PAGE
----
On Monday, NASA held a press teleconference with four people to announce the second possible detection of water on Europa, one of Jupiter’s moons, by NASA’s Hubble Space Telescope (HST). Britney Schmidt, assistant professor in the School of Earth and Atmospheric Sciences was one of the panelists, acting as an outside expert. She played no role in the discovery.
Schmidt is one of Europa’s leading experts. Many think the moon is the best chance to find other life in the solar system, primarily because of its subsurface ocean.
This isn’t the first time we’ve “seen” plumes on Europa. HST data also showed what appeared to be plumes of water vapor shooting about 120 miles from Europa’s surface in December 2012. This detection looks like the same thing, but from a different area. All of the detections to date are just above the noise, making these results exciting but requiring further work to confirm.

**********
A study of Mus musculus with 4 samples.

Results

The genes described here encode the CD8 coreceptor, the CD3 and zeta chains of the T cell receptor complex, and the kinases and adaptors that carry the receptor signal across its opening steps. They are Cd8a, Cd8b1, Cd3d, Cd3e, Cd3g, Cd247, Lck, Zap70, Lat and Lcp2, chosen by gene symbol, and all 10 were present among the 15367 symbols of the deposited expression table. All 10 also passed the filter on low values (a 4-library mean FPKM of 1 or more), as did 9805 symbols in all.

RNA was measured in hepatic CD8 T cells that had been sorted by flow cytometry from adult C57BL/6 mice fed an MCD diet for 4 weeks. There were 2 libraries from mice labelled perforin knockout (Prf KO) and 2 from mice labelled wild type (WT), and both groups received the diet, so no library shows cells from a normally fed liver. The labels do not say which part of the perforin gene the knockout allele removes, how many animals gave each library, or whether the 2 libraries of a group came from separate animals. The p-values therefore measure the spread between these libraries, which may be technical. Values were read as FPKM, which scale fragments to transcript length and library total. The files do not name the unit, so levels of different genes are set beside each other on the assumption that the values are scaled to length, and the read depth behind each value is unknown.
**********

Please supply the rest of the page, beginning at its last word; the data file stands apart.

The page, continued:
If these plumes are real, it’s unlikely to be a direct topping of the ocean — Europa’s ice is really thick. Despite many fractures, the tides just don’t seem strong enough to break all the way through the ice. Instead, there’s a lot of geology that could create water-filled plumes, including ridges or chaos regions (hilly areas of broken ice formed by melting and breaking up the surface). Despite all the ice, evidence suggests liquid water is near Europa’s surface. Today’s announcement increases that likelihood.
HST’s Imaging Spectrograph, or STIS, was used to detect these latest plumes. It’s a tough instrument to use because the technology is complex and the instrument is pretty old. So for it to detect a plume probably means it must be huge. That’s not very surprising – plumes would have to be big for us to see them from near Earth. But it’s impactful.
NASA is in the planning and building process for a spacecraft scheduled to launch to Europa in the early 2020s. I’m a member of one of the instrument teams. Today’s announcement just builds the excitement for the Europa Mission, which will make many flybys of Europa late in the next decade. If the plumes are real, it means we may not have to land on Europa to sample its water. And that’s really exciting.